Although these two types of drawing paper may look the same, when you compare vellum vs tracing paper closely, you will find that there are quite a few notable differences. This article will teach you about these differences and learn about the particular circumstances that you can use them for.
What is Vellum?
Vellum has been around for centuries (at least traditional vellum is). This type of vellum was made from stretching thin calfskin over a large wooden frame and then waiting for it to dry and cure completely. Some craftsmen still make traditional vellum, but they are few and far in between. This makes traditional vellum quite hard to find and expensive.
On the other hand, modern vellum does not contain any animal products whatsoever. Just like regular paper, modern vellum also comes from plant cellulose fibers. However, the main difference is in the way of manufacturing the paper. The reason why the regular paper is opaque is due to the amount of air trapped inside the cellulose.
When making modern vellum, there will be machinery meant for beating or squeezing the air out of the cellulose fibers. It will process the cellulose until it removes most, if not all, of the air in between the fibers. This results in a sheet of paper that is quite translucent.
What is Tracing Paper?
Technically speaking, you can also consider vellum as tracing paper as you can use it to trace drawings. However, the manufacturing process is quite different.
Some types of tracing paper use the same method as making vellum, which uses a different type of plant cellulose. There are other methods of making tracing paper. One of the most commonly used methods is chemically treating regular paper to make it translucent.
Essentially, it involves filling the spaces in between the fibers with a material that has the same refraction index as cellulose. This makes the sheet quite translucent.
Vellum vs Tracing Paper – What are the Differences?
Looking at sheets of vellum vs tracing paper side by side, you would probably not notice any differences between them. However, I can assure you that these two types of paper are different and have slightly different applications.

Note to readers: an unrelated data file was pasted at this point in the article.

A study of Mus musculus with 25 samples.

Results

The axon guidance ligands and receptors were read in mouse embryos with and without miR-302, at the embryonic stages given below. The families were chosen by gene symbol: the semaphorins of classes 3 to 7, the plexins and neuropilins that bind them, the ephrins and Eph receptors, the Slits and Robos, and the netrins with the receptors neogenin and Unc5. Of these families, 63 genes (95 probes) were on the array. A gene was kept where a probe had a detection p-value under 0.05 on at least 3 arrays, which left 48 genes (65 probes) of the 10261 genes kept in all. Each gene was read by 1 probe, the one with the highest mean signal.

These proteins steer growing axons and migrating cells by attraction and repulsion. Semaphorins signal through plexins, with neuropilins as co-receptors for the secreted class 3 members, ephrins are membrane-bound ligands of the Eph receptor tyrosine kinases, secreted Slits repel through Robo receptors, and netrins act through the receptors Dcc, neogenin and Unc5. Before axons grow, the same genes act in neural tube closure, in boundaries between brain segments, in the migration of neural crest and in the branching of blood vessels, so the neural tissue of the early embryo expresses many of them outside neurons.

|Made from plant cellulose
|Made from wood pulp
|Glossy and quite translucent
|Not as translucent; a bit cloudy
|Comes in several thicknesses
|Comes in just one thickness
|Quite fragile, can rip easily
|Quite affordable, slightly more expensive
In the old days, vellum came from stretching calf skin tightly over a wooden frame and then allowing it to dry for a couple of days to weeks. Some companies still use the same materials, but they are few and far in between. This also explains why authentic vellum sheets are so hard to find and quite expensive.
These days, you can see vellum being made either from cellulose fibers from plants and trees or sometimes, from plasticized cotton fibers. This modern type of vellum is always available in most stationery shops.
On the other hand, tracing paper is just regular paper but treated with chemicals to give it its translucent appearance.
If you take a closer look at vellum, you will find that vellum has a glossier finish compared to tracing paper. In addition, vellum is significantly more translucent than tracing paper.
Tracing paper has a more matte finish. If you run your fingers over the surface, it is a bit more textured. Also, tracing paper is a bit cloudier, so you will need a lightbox underneath the paper to clearly see what you are tracing underneath.
Vellum comes in many different thicknesses and sizes. There are types of vellum that are really thin but they almost look like plastic sheets. Then there are also vellum boards that are quite thick. These are ideal for making invitation cards.
On the other hand, tracing and parchment paper only come in one paper weight and thickness. This is why you would not be able to use parchment or tracing paper for invitations or other stationery uses. However, this uniform thickness is what makes it ideal for architectural drafting.
When it comes to durability, vellum is the winner of the two. Vellum is quite durable and can withstand repeated erasures. If you are talking about traditional vellum, the one derived from calfskin, then it can last for hundreds of years. On the other hand, modern vellum can still last quite a long time.
Vellum, because it is typically thicker and has higher quality, is much more expensive compared to regular tracing paper. This, in turn, is just a bit more expensive than regular paper. This is the reason why most traditional draftsmen would use tracing paper for their projects.
Even though they may look the same, there are several, quite significant differences between vellum vs tracing paper. Both these types of paper have similar uses, but vellum has more applications, such as in the making of stationery, like invitations.
However, being quite cheap, tracing paper is the more popular choice for architectural drafting. Now that you know the uses of these two types of paper, you can choose which one would suit your project the most.